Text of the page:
Why Google Chrome OS is Overrated

by Krishna on July 11, 2009

Farhad Manjoo of Slate takes down the upcoming Google Chrome OS:

But here’s the crucial sticking point for Chrome: Because it’s based on a Web browser, every app developed for Chrome will also run perfectly on Windows or the Mac. By definition, then, Microsoft and Apple machines will always be able to do more than Chrome machines—they’ll be able to run Web apps and the processor-intensive desktop programs that we’ll still need in our glorious Webby future: movie-editing software and CAD programs, for instance. […]

This is what Google said:

For application developers, the web is the platform. All web-based applications will automatically work and new applications can be written using your favorite web technologies. And of course, these apps will run not only on Google Chrome OS, but on any standards-based browser on Windows, Mac and Linux thereby giving developers the largest user base of any platform.

If all the Google Chrome OS apps can run on other operating systems, you would want a Google Chrome-OS machine if

  • You only want/need to use web applications.
  • You are very price-sensitive.

I am not even sure if the latter applies, because presumably you could replicate Google Chrome OS by using a Firefox+Linux installation at the same cost. Why would netbook companies even use Google Chrome? Is Google paying partners to install Google Chrome OS on their netbooks, a reverse OEM licensing situation. Manjoo blasts Google’s business sense:

If 20 percent of the world’s computer users switched from Windows to Chrome, would that help Google’s bottom line? Sure, all those people would now be using Gmail and Google Docs—but they could have been doing that in Windows, too! An MBA might describe the Chrome OS as a wasteful customer acquisition expense; Google would be wiser to use all the cash that it’s pouring into developing the new program for advertising instead. But a gangster would call this move what it really is: The point of Chrome OS—the only point of Chrome OS—is to screw with Microsoft.

In fact, the whole concept of netbooks seems weird to me. Cell phones are becoming so powerful these days that for most tasks done on the go, you don’t need anything else. You can find laptops that are light and thin enough to carry around with you without being a burden. Wireless broadband cards enable you to access the Internet from different systems instead of being tied down to one machine.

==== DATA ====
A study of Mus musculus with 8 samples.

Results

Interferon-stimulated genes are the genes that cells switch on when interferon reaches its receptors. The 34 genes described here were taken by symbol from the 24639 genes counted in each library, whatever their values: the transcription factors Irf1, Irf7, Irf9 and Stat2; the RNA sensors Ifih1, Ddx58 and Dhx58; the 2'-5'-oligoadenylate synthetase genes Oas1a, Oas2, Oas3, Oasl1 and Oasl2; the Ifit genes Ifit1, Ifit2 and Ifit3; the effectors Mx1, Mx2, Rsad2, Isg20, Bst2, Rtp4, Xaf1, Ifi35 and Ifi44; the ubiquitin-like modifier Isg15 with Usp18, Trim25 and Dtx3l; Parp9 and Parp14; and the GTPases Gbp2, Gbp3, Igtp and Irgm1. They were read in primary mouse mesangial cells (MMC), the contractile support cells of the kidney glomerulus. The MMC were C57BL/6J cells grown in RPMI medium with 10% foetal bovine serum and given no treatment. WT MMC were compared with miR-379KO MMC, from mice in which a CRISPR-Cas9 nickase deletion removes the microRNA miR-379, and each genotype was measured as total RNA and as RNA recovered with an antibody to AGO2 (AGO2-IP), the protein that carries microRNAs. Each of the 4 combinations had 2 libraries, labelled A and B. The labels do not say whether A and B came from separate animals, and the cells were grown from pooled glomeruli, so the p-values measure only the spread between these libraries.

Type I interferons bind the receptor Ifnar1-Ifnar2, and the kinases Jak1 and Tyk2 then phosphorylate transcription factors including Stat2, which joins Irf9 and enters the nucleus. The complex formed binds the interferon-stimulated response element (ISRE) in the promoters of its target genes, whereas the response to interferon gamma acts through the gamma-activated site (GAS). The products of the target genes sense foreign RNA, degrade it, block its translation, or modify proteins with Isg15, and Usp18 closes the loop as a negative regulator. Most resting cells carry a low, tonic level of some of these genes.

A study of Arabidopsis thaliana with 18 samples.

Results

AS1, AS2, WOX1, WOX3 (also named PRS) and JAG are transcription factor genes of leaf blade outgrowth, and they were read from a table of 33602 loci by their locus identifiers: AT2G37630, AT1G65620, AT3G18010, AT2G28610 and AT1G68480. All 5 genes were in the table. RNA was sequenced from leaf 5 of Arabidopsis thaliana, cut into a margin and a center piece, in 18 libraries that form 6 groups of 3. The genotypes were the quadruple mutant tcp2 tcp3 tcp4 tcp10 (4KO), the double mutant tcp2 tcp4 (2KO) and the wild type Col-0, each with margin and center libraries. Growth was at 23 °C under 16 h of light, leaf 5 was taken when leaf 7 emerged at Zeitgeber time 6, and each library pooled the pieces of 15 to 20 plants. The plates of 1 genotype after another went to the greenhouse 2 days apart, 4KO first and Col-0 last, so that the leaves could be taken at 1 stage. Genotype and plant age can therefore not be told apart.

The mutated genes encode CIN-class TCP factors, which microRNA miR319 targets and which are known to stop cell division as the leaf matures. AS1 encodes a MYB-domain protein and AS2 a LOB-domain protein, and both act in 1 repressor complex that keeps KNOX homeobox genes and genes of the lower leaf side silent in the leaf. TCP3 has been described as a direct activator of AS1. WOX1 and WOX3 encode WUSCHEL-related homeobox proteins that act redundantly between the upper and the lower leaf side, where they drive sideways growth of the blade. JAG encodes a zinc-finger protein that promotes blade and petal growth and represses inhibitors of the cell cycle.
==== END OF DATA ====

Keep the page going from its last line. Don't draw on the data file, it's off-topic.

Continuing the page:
Netbooks, by definition, occupy a place between cell phones and laptops. And therefore, they will be squeezed by ever-increasing functionality of the former and ever-increasing price declines of the latter. Secondly, the type of person that needs a netbook is a person who also needs a powerful cell phone and a laptop. So far from being a replacement for anything, a netbook would be an additional device, further reducing its reach.

Now, the share of netbooks in all laptops jumped from 1% to 19% in 2008. But apparently, that seems to include netbooks that are very close to being called laptops if it weren’t for their size. In any case, the type of netbooks that Google Chrome OS would serve is a niche within netbooks where, if I understand correctly, no local application other than Google Chrome would run.

Google, of all Microsoft competitors, has the best chance to supplant Windows with a different operating system. Google Chrome is a fantastic browser — I am using it now as my default browser. Yet, I cannot see this as a real game-changer unlike people like Paul Thurrott. I would think that Android has a much better chance to become big in the long run.

{ 7 comments }

Matthew Kelly July 11, 2009 at 6:19 pm

I use Google Chrome as my default browser as well, and will more than likely image my laptop with Google OS when it comes out. Google Chrome is definitely my favorite browser so far – lightweight and speed being the most important things for me. However, I do agree with you. I do not see how this will raise more revenue for Google. Additionally, I wouldn’t play around with Google OS if my laptop was my primary computer, so not sure how it will play out with end users, so not sure how much pain this would really cause Microsoft. Android however, as you mentioned, I can completely understand that!

Krishna July 11, 2009 at 11:49 pm

Matthews, I agree with you. I cannot see how I would use a laptop with Google Chrome OS on it, as I still use many desktop products.

Jeff July 13, 2009 at 3:34 pm

I guess this would be like any other Linux project in that it would be a showcase of their technologies. While I do agree that it will only serve a niche market, you would have to think about the whole Google business model. To them, all their revenue comes in the form of advertisement, and bringing in advertisement in suddle, and sometimes very sneaky ways. While I find it intrusive, I am sure there will be adds as you log in to their service, and other forms of advertisement that they are famous for. I still think it would be interesting to watch how this comes out, for better or worse though.

Krishna July 15, 2009 at 11:34 am

Yes, Jeff. Right now, Google is building its user base. Soon they will add ads based on the content (email, documents) that you create.

Janice October 20, 2009 at 3:44 am

Chrome OS is sort of a very basic operating system based on Linux. i wish that google make an operating system just like Windows XP that would compete with Microsoft

Pinoytech November 18, 2009 at 8:45 am

i tried Chrome OS and it is pretty much like a scaled down version of Ubuntu. Chrome is just based on Linux and there is nothing new about it.

Marc Henessy February 3, 2010 at 7:47 am

i installed Chrome OS on two of my netbooks. the Chrome OS works great and its loading time is very fast too.